WILLIAM RAU’S PHILADELPHIA
A Glass Lantern Slide presentation by Martha Capwell Fox, Historian and Archives Coordinator, National Canal Museum/ Delaware & Lehigh National Heritage Corridor
Date: Wednesday, December 5, 2018
Time: 6PM Program Reception to follow
Cost: $15 for members of sponsoring organizations and guests. $20 for all others.
ALL TICKETS MUST BE PURCHASED IN ADVANCE ON LINE. NO PAYMENT AT DOOR
Place: Wagner Free Institute of Science, 1700 W. Montgomery Ave., Philadelphia, PA 19121
Questions: E-mail: firstname.lastname@example.org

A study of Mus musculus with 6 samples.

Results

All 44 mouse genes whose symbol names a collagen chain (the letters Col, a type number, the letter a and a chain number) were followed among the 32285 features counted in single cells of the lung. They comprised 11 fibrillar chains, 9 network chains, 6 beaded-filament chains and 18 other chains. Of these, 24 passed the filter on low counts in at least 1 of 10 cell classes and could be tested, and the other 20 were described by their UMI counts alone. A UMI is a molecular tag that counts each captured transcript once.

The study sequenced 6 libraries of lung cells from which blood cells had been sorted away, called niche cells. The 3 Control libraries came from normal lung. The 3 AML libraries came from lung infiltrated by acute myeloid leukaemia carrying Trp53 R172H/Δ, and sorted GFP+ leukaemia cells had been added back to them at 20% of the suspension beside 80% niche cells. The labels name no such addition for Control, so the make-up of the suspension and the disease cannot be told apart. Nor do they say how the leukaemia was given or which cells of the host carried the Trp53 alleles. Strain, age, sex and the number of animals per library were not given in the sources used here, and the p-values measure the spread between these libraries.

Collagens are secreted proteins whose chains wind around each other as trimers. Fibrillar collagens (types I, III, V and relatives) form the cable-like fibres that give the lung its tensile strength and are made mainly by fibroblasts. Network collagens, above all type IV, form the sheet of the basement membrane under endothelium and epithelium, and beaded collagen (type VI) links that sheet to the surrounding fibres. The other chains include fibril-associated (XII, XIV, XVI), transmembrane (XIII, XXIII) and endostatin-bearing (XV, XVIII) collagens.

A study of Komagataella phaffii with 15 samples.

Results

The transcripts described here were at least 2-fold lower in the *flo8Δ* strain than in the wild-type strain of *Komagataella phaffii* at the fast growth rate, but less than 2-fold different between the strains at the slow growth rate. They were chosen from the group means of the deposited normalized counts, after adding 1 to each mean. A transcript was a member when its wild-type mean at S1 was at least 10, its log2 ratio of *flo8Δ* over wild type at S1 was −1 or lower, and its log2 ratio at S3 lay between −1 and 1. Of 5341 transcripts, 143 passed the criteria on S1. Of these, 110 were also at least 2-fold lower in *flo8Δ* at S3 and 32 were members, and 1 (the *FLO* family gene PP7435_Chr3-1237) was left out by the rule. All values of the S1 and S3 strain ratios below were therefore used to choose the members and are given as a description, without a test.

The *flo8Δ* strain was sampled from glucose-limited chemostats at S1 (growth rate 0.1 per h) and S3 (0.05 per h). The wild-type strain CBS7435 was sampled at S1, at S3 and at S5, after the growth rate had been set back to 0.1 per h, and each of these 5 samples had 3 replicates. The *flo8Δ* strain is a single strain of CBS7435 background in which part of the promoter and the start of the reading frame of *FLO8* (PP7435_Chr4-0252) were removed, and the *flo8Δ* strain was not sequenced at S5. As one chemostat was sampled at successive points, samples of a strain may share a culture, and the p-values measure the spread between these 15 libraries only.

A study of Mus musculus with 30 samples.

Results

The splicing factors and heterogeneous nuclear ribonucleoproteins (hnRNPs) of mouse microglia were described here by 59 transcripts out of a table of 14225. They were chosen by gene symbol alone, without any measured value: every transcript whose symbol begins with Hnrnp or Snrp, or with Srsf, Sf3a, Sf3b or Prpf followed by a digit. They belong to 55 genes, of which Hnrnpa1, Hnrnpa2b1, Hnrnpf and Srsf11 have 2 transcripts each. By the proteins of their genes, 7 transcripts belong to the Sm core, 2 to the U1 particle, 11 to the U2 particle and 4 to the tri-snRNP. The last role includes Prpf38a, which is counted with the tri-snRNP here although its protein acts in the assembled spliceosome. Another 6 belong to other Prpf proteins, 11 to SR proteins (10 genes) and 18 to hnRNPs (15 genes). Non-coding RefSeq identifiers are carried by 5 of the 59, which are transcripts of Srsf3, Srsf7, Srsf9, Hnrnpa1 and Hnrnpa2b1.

Using the Wagner’s vintage glass lantern slide projector Martha will present a program featuring 19th-C views of Philadelphia by famed photographer William H. Rau, (January 19, 1855 – November 19, 1920). Born in Philadelphia, at the age of 13, he started doing photographic work for his future father-in-law, William Bell, a medical and survey photographer for the federal government. In 1874, with Bell’s recommendation, Rau joined an expedition to Chatham Island in the South Pacific to photograph the Transit of Venus. After returning, Rau worked for the Centennial Photographic Company, the official photographers of Philadelphia’s 1876 Centennial Exposition. After the exposition, he joined his father-in-law’s stereo card studio, which he purchased in 1878. He operated this studio in partnership with his brother, George, until 1880. From that point into the 20th-C he traveled the world making photographs on commission for numerous groups. He spent a significant portion of the 1890s doing photographic work for both the Lehigh Valley Railroad and the Pennsylvania Railroad, and published collections of his railroad photos in 1892 and 1900. He was the official photographer for the St. Louis World’s Fair in 1904 and the Lewis and Clark Centennial Exposition in Portland the following year. His work is now included in the collections of several prominent museums, libraries and archives around the world.